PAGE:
THE STATUS OF WOMEN

THE STATUS OF WOMEN : In the early vedic period, caste development was apparently weak enough for marriage between groups to be common. Much in the Rigvedic corpus, too, suggests that the status of women was higher than it was to be in later centuries. For example, daughters as well as sons were given the education of the time; both memorized the hymns and were instructed in their meanings. One text says: ‘An unmarried young learned daughter should be married to a bride- groom who like her is learned.’8 In the hymns, female as well as male seers (rishis) appear, and are equal or better in ascetic exercises. The texts are often cast in the form of dialogues in which females as well as males have speaking roles, which has led to the speculation that some hymns were actually com- posed by women. Nor were women even barred from public speaking, as shown by the hymn that exhorts the newly married wife: ‘You should address the assembly [vidatha, a type of popular meeting] as a commander.’9

Girls were permitted to move about freely in public, attend the festive gatherings called samanas in search of husbands or lovers and sometimes spend the night abroad. Marriage, although expected to be universal (as occasionally it was not), took place when the bride was fully mature and usually to the man of her choice, although her father and, especially,  her mother had a veto. The presence and participation of the wife of the donor       at the sacrifice was a requirement of the ritual. Daughters could, at a pinch,  take the place of sons, women could inherit property and both sexes could  make up for marital undesirability by a suitable addition of wealth. Widows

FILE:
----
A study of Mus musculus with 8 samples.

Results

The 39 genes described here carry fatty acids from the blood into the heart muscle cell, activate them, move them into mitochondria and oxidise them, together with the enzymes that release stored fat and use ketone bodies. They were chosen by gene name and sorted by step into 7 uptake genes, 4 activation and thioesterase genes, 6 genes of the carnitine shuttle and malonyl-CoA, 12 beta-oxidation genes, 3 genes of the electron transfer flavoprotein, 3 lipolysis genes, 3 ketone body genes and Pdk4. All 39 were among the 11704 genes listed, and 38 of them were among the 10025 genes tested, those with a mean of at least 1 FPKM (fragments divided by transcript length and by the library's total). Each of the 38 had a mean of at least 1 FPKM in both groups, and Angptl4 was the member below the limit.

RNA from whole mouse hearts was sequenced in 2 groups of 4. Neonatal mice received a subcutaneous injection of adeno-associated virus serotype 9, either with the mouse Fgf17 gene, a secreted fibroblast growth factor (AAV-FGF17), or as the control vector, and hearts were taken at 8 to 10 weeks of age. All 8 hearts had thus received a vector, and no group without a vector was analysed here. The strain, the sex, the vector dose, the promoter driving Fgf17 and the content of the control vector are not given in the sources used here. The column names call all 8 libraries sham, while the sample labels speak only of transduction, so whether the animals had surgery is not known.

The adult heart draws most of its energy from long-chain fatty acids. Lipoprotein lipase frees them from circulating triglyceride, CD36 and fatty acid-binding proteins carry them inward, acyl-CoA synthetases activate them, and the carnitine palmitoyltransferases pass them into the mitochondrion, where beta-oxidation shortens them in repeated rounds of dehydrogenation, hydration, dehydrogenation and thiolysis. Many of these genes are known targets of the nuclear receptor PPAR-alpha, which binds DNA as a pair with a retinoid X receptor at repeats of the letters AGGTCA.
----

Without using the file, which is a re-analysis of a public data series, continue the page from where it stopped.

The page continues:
were mentioned and even remarried; the contemporary evidence of the later custom of widow immolation is dubious at best.

Nevertheless, the purpose of marriage for women was the production of sons expected to perform funeral rites and sacrifices for their progenitors; wives were subordinate to their husbands, and women are often depicted as sexual temptresses, diverting men from their ascetic and moral duties. Nor was the standard litany of misogynist abuse entirely absent, even from the Rigveda: ‘There can be no friendship with women, as they have the hearts of wolves or jackals.’10 By the later vedic period, moreover, the rot had set in and the Brah- manas displayed both the curse of caste and the misogyny that was to increase, pervading and disfiguring Indian society up to the present. The Satapatha Brahmana identifies women with evil, and declares, ‘The woman, the shudra, the dog and the crow are falsehood.’11 The same text goes on to suggest that they should be excluded from meetings. The vilification of women had pro- ceeded to such a point that, in the Mahabharata epic, the puzzled philosopher- king Yudhisthira was moved to ask, ‘If women are wicked and vicious by their very nature, how could the dharmashastra [righteous conduct] writers enjoin that they should participate with their husbands in religious duties?’